Investment advisory firms say cybersecurity is the hottest compliance topic, and yet, the number of firms falling victim to attacks is on the rise.
Approximately 15 percent of RIAs surveyed in the 2015 Investment Management Compliance Testing Survey reported they have been the victims of a cybersecurity breach in the past 18 months, compared to only 11 percent last year. And yet nearly 88 percent of respondents cited keywords including “cybersecurity,” “privacy” and “identity theft” as the most prevalent compliance concerns of 2015.
Conducted annually by the Investment Adviser Association (IAA), the ACA Compliance Group and OMAM, the Compliance Testing Survey records the responses of nearly 475 firms with regard to “hot topic” compliance concerns. The key findings of this year’s study reveal an upward trend in the threat of cybersecurity as understood by advisors. Compared to the 2014 survey, an additional 13 percent of respondents perceive cybersecurity/privacy/identity theft with growing trepidation.
The results of the survey caused some firms to create new security programs and restrictions for employees to protect against these pressing issues. More than two in five (43 percent) of companies confirmed that they have put into effect formal cybersecurity programs.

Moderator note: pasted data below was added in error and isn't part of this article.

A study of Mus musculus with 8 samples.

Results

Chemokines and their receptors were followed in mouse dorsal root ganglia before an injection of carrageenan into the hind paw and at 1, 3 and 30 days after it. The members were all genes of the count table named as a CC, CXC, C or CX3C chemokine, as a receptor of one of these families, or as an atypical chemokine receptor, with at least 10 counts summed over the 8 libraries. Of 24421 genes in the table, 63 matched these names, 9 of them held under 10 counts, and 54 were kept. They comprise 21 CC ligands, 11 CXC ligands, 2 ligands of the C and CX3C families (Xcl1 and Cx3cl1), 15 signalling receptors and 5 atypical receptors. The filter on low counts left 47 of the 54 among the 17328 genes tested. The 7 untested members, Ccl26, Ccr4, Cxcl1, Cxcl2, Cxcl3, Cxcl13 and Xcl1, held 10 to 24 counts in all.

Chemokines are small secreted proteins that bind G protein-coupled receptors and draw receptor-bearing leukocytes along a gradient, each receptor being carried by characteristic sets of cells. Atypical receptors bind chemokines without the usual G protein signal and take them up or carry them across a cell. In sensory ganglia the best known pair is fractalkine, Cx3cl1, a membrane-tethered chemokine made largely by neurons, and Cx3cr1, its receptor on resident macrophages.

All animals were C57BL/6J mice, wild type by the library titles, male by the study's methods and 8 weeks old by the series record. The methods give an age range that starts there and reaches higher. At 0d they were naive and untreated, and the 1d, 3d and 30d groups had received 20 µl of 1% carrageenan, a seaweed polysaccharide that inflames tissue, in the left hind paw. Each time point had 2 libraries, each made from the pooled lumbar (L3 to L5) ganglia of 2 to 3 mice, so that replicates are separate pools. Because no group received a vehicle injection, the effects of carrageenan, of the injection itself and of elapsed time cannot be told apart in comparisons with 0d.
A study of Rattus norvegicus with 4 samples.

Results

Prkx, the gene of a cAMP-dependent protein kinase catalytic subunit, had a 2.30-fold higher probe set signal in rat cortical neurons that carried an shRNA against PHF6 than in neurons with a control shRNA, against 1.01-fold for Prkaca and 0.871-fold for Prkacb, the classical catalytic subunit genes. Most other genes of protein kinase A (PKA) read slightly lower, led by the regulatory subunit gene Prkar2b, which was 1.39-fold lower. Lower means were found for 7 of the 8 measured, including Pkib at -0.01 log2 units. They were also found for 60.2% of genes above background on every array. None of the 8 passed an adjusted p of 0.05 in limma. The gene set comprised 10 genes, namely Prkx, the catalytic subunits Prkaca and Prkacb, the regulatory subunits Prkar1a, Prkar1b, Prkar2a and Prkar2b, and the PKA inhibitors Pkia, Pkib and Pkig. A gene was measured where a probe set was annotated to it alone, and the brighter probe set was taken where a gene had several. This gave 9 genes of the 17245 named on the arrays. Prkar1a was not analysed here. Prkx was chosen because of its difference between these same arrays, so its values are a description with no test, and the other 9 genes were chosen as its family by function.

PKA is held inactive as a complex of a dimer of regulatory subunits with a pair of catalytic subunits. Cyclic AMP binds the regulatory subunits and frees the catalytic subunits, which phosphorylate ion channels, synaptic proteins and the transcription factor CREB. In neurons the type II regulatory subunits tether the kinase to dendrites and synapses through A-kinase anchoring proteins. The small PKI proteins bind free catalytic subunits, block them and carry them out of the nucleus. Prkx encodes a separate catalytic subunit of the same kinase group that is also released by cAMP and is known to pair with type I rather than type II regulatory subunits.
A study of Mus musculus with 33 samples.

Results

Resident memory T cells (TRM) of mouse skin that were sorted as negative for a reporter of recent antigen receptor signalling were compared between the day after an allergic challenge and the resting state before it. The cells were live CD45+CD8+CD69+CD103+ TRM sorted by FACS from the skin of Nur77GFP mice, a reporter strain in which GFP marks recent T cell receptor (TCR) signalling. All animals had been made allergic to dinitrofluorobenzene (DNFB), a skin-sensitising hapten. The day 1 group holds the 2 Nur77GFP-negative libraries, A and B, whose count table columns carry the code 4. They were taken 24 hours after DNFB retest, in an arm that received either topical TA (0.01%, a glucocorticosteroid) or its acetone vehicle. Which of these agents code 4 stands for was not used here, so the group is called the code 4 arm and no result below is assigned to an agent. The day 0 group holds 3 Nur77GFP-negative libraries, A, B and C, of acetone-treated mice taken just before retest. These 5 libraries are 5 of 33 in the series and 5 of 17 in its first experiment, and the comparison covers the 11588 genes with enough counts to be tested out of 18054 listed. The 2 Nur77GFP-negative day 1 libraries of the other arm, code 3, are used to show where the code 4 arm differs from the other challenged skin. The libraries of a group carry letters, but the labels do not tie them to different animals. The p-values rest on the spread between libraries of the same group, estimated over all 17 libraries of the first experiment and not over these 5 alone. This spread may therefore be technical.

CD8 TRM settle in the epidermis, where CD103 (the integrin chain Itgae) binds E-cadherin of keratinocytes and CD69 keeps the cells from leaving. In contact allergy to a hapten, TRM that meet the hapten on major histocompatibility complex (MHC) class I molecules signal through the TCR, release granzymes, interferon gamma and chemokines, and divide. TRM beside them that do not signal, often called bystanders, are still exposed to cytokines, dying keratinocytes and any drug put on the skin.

Additionally, approximately nine out of ten firms now have formal written policies that oversee the use of social media for workers. More than 40 percent of companies forbid employees from using personal social networking websites for business purposes, and concomitantly 65 percent monitor employee emails and electronic communications to scan for violations of firm policies and procedures.
According to IAA Assistant General Counsel Sanjay Lamba, the survey itself serves to inculcate in advisors a sense of which issues they may want to tackle first and which issues can directly affect their actions. “The findings should give firms a strong sense of the compliance topics and concerns they may want to focus on, as well as a sense of how current regulatory issues can impact their operations,” he says.